The Space You Must Heal To Save Your Marriage

How you and your partner can heal your relationship and yourselves.

couple walking in park holding hands New Africa / Shutterstock

Your relationship does not live in your partner or yourself.

Your marriage exists in a theoretical space between you and your partner. If you're having relationship problems, then it's this "space" you need to look to to save your marriage.

That space is sacred, but over time, it may become polluted.



The goal is to stay connected.



If the space is polluted and dangerous, you'll become detached, and disconnected, and then the space becomes even more dangerous. So, the goal is to clean it up before it destroys what you want to preserve and keep sacred.


How do you stay connected?

The great Jewish philosopher Martin Buber says that your brain is hard-wired for connection, and when you disconnect, you go into crisis.

Neuro-biologists have empirical data that tells us the brain is the only organ in the body that cannot self-regulate, which means it doesn't know what behaviors are "good" or "bad." When two people connect, the brain will self-regulate and the central nervous system will calm down.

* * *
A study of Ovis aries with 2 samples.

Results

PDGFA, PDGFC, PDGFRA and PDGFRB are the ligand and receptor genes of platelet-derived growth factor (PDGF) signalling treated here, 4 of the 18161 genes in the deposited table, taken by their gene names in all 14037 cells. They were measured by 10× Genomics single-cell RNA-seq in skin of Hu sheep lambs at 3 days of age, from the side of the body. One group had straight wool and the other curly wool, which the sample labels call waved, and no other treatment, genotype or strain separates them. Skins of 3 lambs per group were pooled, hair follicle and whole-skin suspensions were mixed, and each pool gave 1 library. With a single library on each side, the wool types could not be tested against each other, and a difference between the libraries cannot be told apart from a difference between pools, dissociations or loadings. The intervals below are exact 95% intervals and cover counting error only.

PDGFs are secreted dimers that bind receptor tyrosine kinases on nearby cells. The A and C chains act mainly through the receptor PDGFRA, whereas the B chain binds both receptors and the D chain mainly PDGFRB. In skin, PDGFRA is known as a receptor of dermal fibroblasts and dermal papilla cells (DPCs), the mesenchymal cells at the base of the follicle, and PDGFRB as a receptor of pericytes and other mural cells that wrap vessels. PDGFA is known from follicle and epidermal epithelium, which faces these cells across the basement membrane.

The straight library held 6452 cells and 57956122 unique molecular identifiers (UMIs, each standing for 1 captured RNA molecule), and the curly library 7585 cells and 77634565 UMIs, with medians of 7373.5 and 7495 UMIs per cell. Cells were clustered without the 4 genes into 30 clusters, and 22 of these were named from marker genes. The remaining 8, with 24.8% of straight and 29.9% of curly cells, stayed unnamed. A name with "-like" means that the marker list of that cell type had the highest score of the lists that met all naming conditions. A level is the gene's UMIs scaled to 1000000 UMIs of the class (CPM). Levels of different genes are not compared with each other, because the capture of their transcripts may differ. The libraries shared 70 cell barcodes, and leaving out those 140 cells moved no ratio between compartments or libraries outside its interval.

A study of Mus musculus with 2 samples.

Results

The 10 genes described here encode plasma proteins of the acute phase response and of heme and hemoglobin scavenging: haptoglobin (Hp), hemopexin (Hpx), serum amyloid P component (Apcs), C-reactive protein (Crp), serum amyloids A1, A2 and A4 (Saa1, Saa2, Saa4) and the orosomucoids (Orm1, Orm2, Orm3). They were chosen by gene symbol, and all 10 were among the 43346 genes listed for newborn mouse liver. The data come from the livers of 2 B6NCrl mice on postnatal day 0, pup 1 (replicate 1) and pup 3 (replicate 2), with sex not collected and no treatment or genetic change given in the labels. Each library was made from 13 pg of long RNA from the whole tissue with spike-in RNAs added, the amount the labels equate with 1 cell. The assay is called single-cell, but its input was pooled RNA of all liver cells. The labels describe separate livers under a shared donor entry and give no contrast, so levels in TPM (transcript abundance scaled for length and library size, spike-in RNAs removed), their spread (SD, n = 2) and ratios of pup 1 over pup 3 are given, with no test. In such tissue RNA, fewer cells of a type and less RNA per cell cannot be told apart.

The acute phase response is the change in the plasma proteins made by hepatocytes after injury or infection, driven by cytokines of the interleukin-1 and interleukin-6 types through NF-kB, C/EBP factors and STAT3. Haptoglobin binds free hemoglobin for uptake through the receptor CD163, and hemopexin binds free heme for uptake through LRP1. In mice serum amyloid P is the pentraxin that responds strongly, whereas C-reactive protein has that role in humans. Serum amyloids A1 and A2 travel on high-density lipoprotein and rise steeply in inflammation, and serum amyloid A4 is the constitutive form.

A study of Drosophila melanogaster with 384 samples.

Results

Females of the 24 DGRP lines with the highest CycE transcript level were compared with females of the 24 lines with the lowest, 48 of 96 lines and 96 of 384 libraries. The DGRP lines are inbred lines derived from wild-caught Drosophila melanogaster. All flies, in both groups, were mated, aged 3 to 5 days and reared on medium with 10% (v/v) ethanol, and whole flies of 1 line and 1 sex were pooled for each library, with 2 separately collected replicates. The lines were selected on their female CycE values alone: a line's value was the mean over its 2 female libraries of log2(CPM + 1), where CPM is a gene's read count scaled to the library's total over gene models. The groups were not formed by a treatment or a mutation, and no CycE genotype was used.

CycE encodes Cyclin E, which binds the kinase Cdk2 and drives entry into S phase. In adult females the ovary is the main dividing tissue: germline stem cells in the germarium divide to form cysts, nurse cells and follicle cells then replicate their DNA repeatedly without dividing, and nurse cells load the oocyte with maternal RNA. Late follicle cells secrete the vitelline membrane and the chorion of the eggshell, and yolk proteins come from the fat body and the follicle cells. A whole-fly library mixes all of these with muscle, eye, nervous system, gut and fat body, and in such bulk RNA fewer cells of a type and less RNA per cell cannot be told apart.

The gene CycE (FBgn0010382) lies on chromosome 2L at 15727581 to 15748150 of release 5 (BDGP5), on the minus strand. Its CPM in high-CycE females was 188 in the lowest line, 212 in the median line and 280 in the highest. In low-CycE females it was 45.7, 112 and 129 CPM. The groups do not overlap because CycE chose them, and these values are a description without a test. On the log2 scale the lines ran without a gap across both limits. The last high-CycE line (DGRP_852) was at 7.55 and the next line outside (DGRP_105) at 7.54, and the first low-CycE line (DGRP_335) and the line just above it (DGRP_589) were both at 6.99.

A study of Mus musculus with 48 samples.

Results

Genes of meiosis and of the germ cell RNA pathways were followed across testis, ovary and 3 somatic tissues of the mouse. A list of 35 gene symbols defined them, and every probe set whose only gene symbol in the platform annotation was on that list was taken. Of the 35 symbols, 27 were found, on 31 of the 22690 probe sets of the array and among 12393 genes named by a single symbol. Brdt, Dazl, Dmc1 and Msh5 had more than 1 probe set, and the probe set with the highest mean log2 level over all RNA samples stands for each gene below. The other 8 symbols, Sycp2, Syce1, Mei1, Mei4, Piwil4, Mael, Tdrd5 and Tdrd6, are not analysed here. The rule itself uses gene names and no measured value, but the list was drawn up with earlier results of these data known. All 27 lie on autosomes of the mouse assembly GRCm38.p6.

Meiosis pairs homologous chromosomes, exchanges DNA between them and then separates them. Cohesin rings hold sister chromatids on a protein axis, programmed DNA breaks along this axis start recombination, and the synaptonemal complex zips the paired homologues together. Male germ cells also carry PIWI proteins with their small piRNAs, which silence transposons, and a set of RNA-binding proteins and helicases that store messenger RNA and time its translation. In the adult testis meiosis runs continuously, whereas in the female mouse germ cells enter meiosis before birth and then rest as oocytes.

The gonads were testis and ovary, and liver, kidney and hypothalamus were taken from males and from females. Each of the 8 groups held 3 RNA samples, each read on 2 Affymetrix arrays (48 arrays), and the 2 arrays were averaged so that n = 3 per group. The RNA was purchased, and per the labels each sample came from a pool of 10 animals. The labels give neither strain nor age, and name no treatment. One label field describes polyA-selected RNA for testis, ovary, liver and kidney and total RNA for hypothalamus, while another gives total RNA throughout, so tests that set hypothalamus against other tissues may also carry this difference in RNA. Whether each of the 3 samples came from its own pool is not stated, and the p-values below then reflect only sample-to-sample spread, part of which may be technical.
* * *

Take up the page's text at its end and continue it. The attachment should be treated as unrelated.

What is the relational space?

It is where you live in your relationship. When the space is sacred, time is eternal.

How do you make the space sacred when It has become polluted?

You learn the art of "presencing." What is that?

That's when the couple sits across from each other, 18 inches apart, looking into each others' eyes with an open heart and gratitude for each other. This is how you can connect to your spouse.



The second invisible connector is where a visit occurs called "the bridge."



It requires the assistance of a trained therapist to facilitate until the couple has been able to integrate the process on their own.

Finally, there's the encounter.


The visitor is not allowed to bring their conceptions, beliefs, opinions, or responses to the neighborhood of the other. If they unconsciously do, the therapist asks them to bring it back to their side of the bridge and return to the encounter.

In this "encounter," you're there to listen, repeat, and confirm that you're with your partner. It’s simple, elegant, and transformational.

It requires only a big fat "yes" from each partner to follow the process directed by the therapist. It's only successful when both partners are in full cooperation to bring their relationship forward.

Bottom line: For couples to reclaim their essence and heal their relationship, working together to connect is key to making that happen.